Background: Variants in genes of the nucleotide excision repair (NER) pathway have been associated with heterogeneous clinical presentations ranging from xeroderma pigmentosum to Cockayne syndrome and trichothiodystrophy. NER deficiencies manifest with photosensitivity and skin cancer, but also developmental delay and early-onset neurological degeneration. Adult-onset neurological features have been reported in only a few xeroderma pigmentosum cases, all showing at least mild skin manifestations.
Objective: The aim of this multicenter study was to investigate the frequency and clinical features of patients with biallelic variants in NER genes who are predominantly presenting with neurological signs.
Methods: In-house exome and genome datasets of 14,303 patients, including 3543 neurological cases, were screened for deleterious variants in NER-related genes. Clinical workup included in-depth neurological and dermatological assessments.
Results: We identified 13 patients with variants in ERCC4 (n = 8), ERCC2 (n = 4), or XPA (n = 1), mostly proven biallelic, including five different recurrent and six novel variants. All individuals had adult-onset progressive neurological deterioration with ataxia, dementia, and frequently chorea, neuropathy, and spasticity. Brain magnetic resonance imaging showed profound global brain atrophy in all patients. Dermatological examination did not show any skin cancer or pronounced ultraviolet damage.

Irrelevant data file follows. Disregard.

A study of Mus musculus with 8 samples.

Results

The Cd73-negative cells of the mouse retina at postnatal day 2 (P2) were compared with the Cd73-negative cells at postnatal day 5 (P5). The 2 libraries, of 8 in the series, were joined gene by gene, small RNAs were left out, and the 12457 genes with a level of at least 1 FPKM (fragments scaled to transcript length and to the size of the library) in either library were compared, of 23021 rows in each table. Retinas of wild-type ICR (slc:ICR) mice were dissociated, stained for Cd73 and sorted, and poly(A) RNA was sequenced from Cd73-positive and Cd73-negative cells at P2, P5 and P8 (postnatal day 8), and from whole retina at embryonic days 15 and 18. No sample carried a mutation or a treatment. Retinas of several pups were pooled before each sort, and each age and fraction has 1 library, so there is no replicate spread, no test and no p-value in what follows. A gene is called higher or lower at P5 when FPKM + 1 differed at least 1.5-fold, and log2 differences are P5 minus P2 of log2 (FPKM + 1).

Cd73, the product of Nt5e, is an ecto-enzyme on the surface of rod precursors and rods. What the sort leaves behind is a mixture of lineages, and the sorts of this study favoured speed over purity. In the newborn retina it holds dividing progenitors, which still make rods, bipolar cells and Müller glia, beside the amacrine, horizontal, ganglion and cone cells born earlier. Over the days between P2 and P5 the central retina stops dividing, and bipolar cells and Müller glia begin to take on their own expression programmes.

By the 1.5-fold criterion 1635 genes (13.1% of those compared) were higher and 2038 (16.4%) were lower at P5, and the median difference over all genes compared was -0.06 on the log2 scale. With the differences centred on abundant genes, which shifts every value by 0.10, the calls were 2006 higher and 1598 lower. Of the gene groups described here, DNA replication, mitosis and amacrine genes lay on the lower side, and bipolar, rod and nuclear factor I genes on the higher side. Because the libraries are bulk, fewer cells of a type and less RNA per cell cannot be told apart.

Conclusions: We introduce NERDND as adult-onset neurodegeneration (ND ) within the spectrum of autosomal recessive NER disorders (NERD). Our study demonstrates that NERDND is probably an underdiagnosed cause of neurodegeneration in adulthood and should be considered in patients with overlapping cognitive and movement abnormalities. © 2022 The Authors. Movement Disorders published by Wiley Periodicals LLC on behalf of International Parkinson and Movement Disorder Society.
Keywords: NER; UV sensitivity; ataxia; dementia; xeroderma pigmentosum.
© 2022 The Authors. Movement Disorders published by Wiley Periodicals LLC on behalf of International Parkinson and Movement Disorder Society.